Newell Rubbermaid reorganizing its operations, eliminating more than 1,900 jobs
by The Associated Press
Firm says savings from job cuts will be reinvested into growing its brands globally
NEW YORK—Newell Rubbermaid plans to cut more than 1,900 jobs, or about 10 per cent of its worldwide workforce, over the next two and a half years.
The consumer products company, known for Sharpie pens and its namesake containers, says all savings from the job cuts will be reinvested into growing its brands globally and adding new sales capabilities in emerging markets.
Newell Rubbermaid also says its business will be restructured under two groups, a development organization and a delivery organization.
The announcement came as the Atlanta-based company reported third-quarter adjusted results that topped Wall Street’s expectations.
Newell Rubbermaid also raised its quarterly dividend by 50 per cent to 15 cents per share.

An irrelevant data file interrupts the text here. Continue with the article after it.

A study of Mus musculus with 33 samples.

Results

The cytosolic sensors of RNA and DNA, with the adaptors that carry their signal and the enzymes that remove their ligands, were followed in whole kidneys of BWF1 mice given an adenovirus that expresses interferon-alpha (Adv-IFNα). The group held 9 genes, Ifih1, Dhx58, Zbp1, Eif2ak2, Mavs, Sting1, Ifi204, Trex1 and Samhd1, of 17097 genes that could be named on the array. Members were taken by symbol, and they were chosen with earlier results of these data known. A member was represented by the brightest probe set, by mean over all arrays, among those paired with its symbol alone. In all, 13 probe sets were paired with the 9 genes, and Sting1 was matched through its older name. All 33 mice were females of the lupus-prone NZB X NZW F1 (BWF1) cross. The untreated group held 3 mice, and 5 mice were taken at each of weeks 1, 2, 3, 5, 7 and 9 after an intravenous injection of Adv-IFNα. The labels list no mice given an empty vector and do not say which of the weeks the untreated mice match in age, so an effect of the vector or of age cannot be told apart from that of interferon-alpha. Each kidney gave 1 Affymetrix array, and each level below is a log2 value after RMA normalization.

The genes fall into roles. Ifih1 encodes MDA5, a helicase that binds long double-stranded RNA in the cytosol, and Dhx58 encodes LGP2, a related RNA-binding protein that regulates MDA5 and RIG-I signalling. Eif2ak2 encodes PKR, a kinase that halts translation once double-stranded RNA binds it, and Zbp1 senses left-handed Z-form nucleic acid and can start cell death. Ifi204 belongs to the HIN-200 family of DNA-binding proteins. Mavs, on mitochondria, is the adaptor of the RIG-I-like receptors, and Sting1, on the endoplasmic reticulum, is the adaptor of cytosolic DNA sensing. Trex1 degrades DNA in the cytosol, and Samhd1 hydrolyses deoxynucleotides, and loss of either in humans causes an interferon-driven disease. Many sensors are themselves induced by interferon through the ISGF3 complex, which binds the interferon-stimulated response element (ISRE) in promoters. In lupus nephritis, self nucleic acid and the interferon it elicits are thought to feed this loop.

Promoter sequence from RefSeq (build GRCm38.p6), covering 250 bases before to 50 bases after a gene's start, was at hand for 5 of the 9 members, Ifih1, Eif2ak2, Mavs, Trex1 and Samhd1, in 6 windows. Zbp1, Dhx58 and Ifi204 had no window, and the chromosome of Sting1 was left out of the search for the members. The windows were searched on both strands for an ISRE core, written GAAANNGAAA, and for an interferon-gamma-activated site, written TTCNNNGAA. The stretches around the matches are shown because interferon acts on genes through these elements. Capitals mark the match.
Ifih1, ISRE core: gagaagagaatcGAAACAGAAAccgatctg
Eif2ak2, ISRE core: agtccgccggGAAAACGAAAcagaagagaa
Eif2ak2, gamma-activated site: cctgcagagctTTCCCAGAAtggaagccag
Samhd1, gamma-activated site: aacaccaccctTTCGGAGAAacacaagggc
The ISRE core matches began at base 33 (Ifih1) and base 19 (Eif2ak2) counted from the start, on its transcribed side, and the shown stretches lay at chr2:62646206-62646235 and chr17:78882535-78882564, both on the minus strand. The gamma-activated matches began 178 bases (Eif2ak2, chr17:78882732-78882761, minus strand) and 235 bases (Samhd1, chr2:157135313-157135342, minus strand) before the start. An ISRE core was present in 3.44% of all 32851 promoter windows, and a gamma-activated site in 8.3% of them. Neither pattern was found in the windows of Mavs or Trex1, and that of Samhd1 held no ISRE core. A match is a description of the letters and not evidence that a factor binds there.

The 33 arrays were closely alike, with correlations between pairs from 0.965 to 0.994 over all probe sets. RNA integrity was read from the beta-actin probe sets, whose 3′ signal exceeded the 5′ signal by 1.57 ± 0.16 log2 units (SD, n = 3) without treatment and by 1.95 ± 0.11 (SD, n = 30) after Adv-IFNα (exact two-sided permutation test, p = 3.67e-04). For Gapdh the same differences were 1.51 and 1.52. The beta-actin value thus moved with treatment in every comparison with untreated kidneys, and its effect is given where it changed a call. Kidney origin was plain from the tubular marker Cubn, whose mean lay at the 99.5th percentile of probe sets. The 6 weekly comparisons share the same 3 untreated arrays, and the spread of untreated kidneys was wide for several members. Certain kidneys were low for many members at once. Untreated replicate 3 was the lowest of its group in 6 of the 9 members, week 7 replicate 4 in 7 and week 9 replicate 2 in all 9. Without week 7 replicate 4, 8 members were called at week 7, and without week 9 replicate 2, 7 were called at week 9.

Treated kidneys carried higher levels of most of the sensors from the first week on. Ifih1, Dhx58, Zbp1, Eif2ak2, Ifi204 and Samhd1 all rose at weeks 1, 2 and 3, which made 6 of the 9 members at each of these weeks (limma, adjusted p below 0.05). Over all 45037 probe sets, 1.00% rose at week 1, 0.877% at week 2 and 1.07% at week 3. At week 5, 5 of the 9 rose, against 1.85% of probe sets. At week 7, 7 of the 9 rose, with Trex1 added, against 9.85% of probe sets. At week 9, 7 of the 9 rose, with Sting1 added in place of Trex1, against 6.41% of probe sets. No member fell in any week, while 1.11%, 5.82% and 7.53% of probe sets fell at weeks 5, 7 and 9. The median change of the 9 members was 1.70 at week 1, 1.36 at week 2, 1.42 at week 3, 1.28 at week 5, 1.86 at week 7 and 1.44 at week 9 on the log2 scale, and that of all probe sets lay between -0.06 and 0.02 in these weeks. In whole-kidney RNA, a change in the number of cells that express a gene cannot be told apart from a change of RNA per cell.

The company says its development organization will include segments such as tools, commercial products, writing, baby and parenting, home solutions and specialty.
These six segments are down from the company’s previous nine.
The group will also house Newell Rubbermaid Inc.’s marketing, design, insight, research and development and corporate development staff.
Mark Tarchetti, previously head of global corporate strategy at Unilever, will lead the development organization.
He will join Newell Rubbermaid in January and serve as chief development officer.
The delivery organization will include the company’s general management, supply chain, customer and channel development employees.
William A. Burke III, who currently serves as group president, will head the delivery organization and become chief operating officer.
As part of the restructuring, Newell Rubbermaid is getting rid of its consumer and professional operating groups.
The company is also expanding its restructuring program, called Project Renewal.
The expanded program is anticipated to save about $180- to $225-million on an annual basis once fully implemented by the end of 2015’s second quarter.
Newell Rubbermaid foresees restructuring charges between $250- and $275-million during the same period.
The Atlanta company, which was founded in 1903, currently has 19,900 employees, according to its website.